Scott demonstrates how to salt and hash users' passwords using bcrypt for encryption. A student's question regarding if the Prisma code gets shipped to the client is also covered in this segment.


>> Go back to our C-scripts here. So we have our artists and our songs. The next thing is I want to create a user. And then I want the user to have some playlists. So we'll do that. The first thing is to create a user, we need the password, but we're not gonna save the password as plain text because come on now, that's not what we do.

[00:00:16] We're gonna hash the password before we do that, in order to do that, we're gonna generate a salt. So I'm gonna say const salt = bcrypts.genSaltsSync, like that. That's gonna give us a salt. If you don't know anything about encryption, don't worry about this. This is just, you could think of it as like a, I don't know, encryption is like a reversible, it's like if you could make food but also undo it.

[00:00:47] But the only way you could do it is if you knew the special key to the oven. That's basically what this encryption is. And salt is a specific ingredient that makes the food taste a certain way and you need that ingredient in there or otherwise, it won't taste a certain way.

[00:01:01] That's the best way I can describe it without getting into a bunch of crypto stuff. So we got a salt here. And the next one is you need to make a user. So that's just gonna be a wait, prisma.user.upsert. And for this, pretty much is gonna be the same thing.

[00:01:21] So I'm gonna say find a user where we'll go by email. And I'll say email is user@test.com, that'd be our c user's email. If you find that user, I want you to do an update of nothing because I don't actually want to update this user if you find them.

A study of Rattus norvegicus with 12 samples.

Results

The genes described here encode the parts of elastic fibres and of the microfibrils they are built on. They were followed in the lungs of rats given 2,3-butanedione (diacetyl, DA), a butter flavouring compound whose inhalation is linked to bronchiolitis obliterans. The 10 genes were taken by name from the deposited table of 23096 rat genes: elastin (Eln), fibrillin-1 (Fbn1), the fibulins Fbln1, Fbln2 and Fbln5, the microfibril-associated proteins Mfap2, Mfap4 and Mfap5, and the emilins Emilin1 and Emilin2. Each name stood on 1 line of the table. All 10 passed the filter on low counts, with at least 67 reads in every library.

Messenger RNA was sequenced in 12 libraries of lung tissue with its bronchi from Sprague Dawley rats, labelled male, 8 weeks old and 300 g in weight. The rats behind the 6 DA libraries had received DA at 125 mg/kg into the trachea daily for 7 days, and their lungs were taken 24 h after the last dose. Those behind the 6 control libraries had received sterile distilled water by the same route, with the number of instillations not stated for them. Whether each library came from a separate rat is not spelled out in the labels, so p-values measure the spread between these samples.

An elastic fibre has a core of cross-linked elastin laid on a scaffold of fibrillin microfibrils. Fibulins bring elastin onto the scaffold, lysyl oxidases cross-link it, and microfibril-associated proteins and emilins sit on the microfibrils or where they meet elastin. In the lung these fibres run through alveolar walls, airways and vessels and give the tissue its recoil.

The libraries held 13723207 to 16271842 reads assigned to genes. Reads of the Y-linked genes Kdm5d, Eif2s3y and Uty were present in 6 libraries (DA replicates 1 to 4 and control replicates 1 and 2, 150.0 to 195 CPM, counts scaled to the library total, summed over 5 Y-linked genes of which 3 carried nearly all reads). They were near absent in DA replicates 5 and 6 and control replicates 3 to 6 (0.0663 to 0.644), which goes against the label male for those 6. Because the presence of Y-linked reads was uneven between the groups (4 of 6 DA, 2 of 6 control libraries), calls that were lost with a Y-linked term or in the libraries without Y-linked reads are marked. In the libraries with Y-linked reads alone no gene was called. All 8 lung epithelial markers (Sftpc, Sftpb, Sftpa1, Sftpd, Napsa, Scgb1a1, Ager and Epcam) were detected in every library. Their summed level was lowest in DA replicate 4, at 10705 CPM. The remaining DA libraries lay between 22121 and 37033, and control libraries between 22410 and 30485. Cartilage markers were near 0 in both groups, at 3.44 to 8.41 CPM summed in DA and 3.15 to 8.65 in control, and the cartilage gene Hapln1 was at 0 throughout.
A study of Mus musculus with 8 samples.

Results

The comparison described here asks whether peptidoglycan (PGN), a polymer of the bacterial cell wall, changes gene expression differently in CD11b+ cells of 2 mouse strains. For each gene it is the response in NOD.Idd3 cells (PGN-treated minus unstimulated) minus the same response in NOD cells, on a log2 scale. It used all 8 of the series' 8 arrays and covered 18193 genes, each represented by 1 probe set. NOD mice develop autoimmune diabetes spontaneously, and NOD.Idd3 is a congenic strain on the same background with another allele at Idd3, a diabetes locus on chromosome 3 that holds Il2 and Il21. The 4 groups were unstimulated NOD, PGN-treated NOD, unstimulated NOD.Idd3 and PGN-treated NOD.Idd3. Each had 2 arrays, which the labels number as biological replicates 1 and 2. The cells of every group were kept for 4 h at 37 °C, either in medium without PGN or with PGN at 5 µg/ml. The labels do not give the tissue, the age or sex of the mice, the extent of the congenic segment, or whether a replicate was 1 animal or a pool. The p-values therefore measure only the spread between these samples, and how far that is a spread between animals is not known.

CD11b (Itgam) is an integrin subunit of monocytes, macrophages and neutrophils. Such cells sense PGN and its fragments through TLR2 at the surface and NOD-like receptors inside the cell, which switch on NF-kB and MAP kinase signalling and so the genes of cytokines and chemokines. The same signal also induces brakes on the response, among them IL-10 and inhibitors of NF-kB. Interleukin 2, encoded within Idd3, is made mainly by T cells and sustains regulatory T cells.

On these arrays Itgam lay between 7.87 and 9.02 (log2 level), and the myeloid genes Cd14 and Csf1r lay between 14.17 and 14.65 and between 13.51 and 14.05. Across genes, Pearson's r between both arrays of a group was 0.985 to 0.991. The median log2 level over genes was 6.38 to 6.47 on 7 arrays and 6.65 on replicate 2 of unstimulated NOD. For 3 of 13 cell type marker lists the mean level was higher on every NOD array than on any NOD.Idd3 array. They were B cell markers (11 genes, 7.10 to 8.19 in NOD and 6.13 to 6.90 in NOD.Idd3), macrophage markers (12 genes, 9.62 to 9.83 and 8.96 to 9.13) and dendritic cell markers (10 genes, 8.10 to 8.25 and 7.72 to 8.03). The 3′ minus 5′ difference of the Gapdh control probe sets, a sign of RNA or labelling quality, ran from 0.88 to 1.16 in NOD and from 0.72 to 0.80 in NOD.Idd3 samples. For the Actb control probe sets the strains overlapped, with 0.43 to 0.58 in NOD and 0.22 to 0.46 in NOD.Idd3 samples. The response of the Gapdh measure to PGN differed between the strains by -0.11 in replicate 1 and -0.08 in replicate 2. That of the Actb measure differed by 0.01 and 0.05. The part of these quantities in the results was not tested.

[00:01:38] But I do want to create them if they don't exist. And what I want you to do when you create them is I just want you to give them email of the same email here user@test.com. And I want to give them a password of bcrypt.hashSync, and you're just gonna type in whatever password you want.

[00:02:02] I am just gonna type in password as my password so I can log in super easy. And then the salt. So that should create a user. And we'll be doing the same thing when we actually do the authentication. We'll be literally doing the same strategy of making a user and sign up.

[00:02:17] I think this is pretty intuitive. I know I'm like hyping Prisma up, I promise you I don't work for them. I've only met them once ever. I just think they created a really good tool. Yeah, Mark.
>> So does the Prisma code get shipped to the client? Just to be clear?

>> Does the Prisma code get shipped to the client? Good question. That all actually depends on where you write the code because Next.js does optimizations on imports. Thus far we have not written any Prisma code on the client. So as of right now, no. And actually going forward for this whole project, no, we will not be shipping any Prisma code on the client.

[00:02:54] Although we will be writing Prisma code in a component that is on the client. But the way Next.js behaves it actually strips all that out for the client build. So although it does look like it's been written on the client, it actually will be stripped out before it gets built.

[00:03:10] And that's the power of Next.js, so to answer your question, no. But yes, it will feel like that when we get to the next step. But this whole C-scripting is actually there's no client stuff. This is ran in node, it only interacts with the database. So no, you probably wouldn't get a lot of benefit out of the Prisma client on the front end because that would be dangerous so yeah.